I did a 15 minute radio interview today on KURV Radio in the southern Rio Grande valley of Texas. The reporter, Fred Cruz, was concerned that the French-German-Belgian military alliance announced this week was going to lead to the unraveling of the Atlantic alliance. I argued that America’s alliance system was holding together alot better than the headlines would indicate.
First, the Germans had been very cooperative during the Iraq war at the tactical level, allowing full use of American bases, hospitals, and so forth on German soil. The French had allowed overflight rights for B-52 missions, and numerous other European countries had given significant, early support to the American war effort. Indeed, NATO was about to take over the entire Afghanistan operation, with Germany playing a major role in that effort.
The reporter asked why the French are doing what they are doing, and I said they see their power slipping away in three areas: 1) Outside Europe, where America is expanding it’s global military, economic, and political presence; 2) Inside Europe, where France is about to become isolated in the European Parliament by the largely pro-American bloc of newly liberated east European countries; and, 3) In Iraq, where they had deep commercial and political relations with the erstwhile Hussein regime. I recommended a magnanimous approach to the French, in the hopes they would recognize that a change in policy and attitudes would be in their own interest. I noted, however, that the bitterness towards France at the highest levels of the U.S. government was not likely to go away soon.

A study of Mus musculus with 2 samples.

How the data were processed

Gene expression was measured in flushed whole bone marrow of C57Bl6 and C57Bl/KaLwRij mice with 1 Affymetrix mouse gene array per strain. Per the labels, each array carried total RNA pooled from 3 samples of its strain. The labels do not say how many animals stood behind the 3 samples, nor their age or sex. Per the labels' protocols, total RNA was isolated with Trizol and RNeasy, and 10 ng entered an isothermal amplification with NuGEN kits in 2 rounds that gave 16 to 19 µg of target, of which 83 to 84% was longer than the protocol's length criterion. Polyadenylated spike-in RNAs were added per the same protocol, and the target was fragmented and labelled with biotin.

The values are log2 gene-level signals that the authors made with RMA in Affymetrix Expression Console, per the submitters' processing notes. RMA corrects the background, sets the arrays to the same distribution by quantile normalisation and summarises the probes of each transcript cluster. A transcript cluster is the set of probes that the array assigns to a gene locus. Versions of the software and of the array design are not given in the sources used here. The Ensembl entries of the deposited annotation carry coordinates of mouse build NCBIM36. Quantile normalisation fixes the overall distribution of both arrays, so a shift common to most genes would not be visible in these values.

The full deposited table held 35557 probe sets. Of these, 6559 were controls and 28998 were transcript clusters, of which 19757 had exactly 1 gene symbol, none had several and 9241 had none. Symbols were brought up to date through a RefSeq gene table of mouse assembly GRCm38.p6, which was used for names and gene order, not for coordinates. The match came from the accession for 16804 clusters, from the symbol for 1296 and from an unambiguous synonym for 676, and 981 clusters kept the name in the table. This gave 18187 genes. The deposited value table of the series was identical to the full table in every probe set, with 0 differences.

Finally, I said that the potential military capabilities of this new “Old Europe” alliance were not going to be very impressive compared with U.S., U.K., and NATO power projection and precision strike assets. Those countries were not spending enough on defense, or technological upgrades, to have a big impact on the global stage.